The man believed to be responsible for a three-week bombing campaign in Texas that killed two people and injured five others has been identified after he blew himself up in a dramatic standoff with police.
Austin police chief Brian Manley said police tracked the suspect to a hotel about 32 kilometres north of Austin and followed him when he pulled to the side of the road and detonated a device, killing himself.
The man was identified as an unemployed 23-year-old Mark Anthony Conditt, of Pflugerville, Texas.
Mr Manley said Conditt set off a bomb as two Austin police officers approached the vehicle.
“The suspect is deceased and has significant injuries from a blast that occurred from detonating a bomb inside his vehicle,” he told reporters.
One officer fired at the vehicle and the other sustained a minor injury when the bomb went off, Mr Manley said.
Investigators had tracked Conditt for several days before closing in at the unidentified hotel, not far from his home in Pflugerville.
Police are now scrambling to determine whether more explosives remain in the city.
“We don’t know where this suspect has spent his last 24 hours, and therefore we still need to remain vigilant to ensure that no other packages or devices have been left throughout the community,” Mr Manley said.
Authorities later recovered homemade explosives from inside the home Conditt shared with two other men.
The Austin Police Department and federal authorities said in a statement Wednesday afternoon that they were “working to safely remove and dispose of” the explosives at the home.
Authorities evacuated four blocks around the building “in an abundance of caution”.
Police earlier detained two people who lived with Conditt.
Austin police said Wednesday that one roommate was questioned and later released, while the second was still being held for questioning.
Authorities did not release the names of the roommates, explaining that they had not been placed under arrest.
Conditt’s family said it is “devastated and broken” at the news of his alleged crimes.
The Conditt family released a statement expressing shock and grief, as well as offering “prayers for those families who have lost loved ones … and for the soul of our Mark”.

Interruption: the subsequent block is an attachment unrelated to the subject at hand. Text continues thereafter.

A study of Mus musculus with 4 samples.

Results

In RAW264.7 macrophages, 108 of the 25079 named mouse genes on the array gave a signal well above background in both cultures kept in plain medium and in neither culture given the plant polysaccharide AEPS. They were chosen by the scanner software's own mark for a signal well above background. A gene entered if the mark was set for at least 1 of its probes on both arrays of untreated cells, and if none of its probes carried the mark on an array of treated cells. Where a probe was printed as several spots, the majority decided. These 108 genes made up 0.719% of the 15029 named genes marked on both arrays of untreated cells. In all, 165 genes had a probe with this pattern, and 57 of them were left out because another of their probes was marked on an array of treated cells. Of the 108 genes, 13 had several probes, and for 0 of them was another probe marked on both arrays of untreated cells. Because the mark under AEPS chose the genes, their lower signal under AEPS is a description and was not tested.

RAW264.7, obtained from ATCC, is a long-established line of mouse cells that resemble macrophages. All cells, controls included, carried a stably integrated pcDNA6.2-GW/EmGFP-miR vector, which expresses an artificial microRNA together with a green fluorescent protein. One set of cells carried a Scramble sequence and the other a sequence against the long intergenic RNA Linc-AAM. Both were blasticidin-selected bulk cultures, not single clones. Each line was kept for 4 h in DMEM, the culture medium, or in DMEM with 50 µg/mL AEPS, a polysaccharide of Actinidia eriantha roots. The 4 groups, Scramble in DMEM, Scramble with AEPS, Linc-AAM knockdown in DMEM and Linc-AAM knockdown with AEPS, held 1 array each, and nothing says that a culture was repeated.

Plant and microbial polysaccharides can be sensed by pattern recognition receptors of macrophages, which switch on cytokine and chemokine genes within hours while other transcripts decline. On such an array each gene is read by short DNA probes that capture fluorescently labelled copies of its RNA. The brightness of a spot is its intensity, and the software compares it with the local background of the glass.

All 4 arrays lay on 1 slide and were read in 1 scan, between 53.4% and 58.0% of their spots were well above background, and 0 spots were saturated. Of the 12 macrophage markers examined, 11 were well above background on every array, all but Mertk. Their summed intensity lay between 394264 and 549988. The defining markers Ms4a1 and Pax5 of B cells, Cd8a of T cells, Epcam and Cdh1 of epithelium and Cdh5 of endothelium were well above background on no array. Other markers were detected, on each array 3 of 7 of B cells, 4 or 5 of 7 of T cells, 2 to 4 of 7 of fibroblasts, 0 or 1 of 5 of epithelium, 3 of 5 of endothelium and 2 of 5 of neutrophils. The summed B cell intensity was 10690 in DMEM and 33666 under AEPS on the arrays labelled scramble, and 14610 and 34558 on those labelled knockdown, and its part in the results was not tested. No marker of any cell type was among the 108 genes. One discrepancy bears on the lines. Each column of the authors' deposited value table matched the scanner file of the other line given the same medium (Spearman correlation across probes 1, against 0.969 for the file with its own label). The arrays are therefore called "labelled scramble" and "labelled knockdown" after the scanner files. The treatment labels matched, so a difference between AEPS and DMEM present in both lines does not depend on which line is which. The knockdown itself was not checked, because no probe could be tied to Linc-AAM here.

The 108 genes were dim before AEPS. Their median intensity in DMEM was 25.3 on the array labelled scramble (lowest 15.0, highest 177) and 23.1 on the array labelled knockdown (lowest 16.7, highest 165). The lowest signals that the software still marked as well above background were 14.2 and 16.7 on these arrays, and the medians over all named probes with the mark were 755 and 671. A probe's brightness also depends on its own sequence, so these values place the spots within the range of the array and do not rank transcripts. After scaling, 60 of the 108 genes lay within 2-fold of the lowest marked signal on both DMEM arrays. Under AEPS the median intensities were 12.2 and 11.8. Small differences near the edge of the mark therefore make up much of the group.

Conditt attended Austin Community College (ACC) before dropping out before graduation in 2012.
According to a Facebook post by Conditt’s mother, reviewed by TIME magazine before it was deleted, he was homeschooled until 2013 and was planning a possible religious missionary trip.
Conditt also created a blog about his political views as a requirement for a political-science class he took at ACC, detailing views against gay marriage, on “free abortion” and sex offender registration stances, as well as an argument for the death penalty.
“Homosexuality is not natural. Just look at the male and female bodies. They are obviously designed to couple,” he wrote in one of the posts.
In the blog’s biography, he described himself as a conservative who enjoyed cycling, parkour, tennis, reading and listening to music.
Conditt was the oldest of four children and reportedly worked at a manufacturing company, but was dismissed last August because he wasn’t meeting expectations.
The chairman of the US House Homeland Security committee said authorities believed Conditt had “above average intelligence.”
Republican Congressman Michael McCaul told the AP that the suspect matched the FBI’s initial profile suspicion that the bomber was likely a white male. But he says a psychological profile probably won’t be known until investigators go through Mark Conditt’s writings and social media postings.
Mr Abbott added it was “hard to say” if the bombing suspect had acted alone.
Surveillance footage released to local media showed Conditt taking packages to be shipped and attracting notice because of a seemingly obvious disguise – a light-coloured wig and gloves.
BREAKING: Exclusive photos of Austin bombing 'Person of Interest' dropping off 2 packages at Austin @FedEx store. Believed to be wearing wig.
Recognize him? Contact: @FBI @Austin_Police
More info: https://t.co/8bVRGToc7T @News4SA @cbsaustin pic.twitter.com/mpTxxrkYfd
— Randy Beamer (@randybeamer) March 21, 2018
Texas Governor Greg Abbott told Fox News authorities knew the likely identity for the bomber for several days.
“Law enforcement is at his house in Pflugerville where we are learning whether or not that was the location he was making his bombs,” Mr Abbott said.
“He did not have a criminal record as best we can tell, so there seems to be very little information about him,” he said.
Mr Manley said the Conditt was believed to be responsible for six bombs around Austin, all but one of which detonated.
He said the motivation for the bombings or whether the suspect had help was not yet known.
Mr Manley warned residents to be cautious since it is not clear whether any more bombs have been left around the city.
While officers waited for SWAT reinforcements before arresting him, the suspect left the hotel and police followed.
The suspect pulled off the city’s main highway and the two Austin police officers approached his vehicle when he set off his device.
US President Donald Trump congratulated authorities on Twitter: “Great job by law enforcement and all concerned!”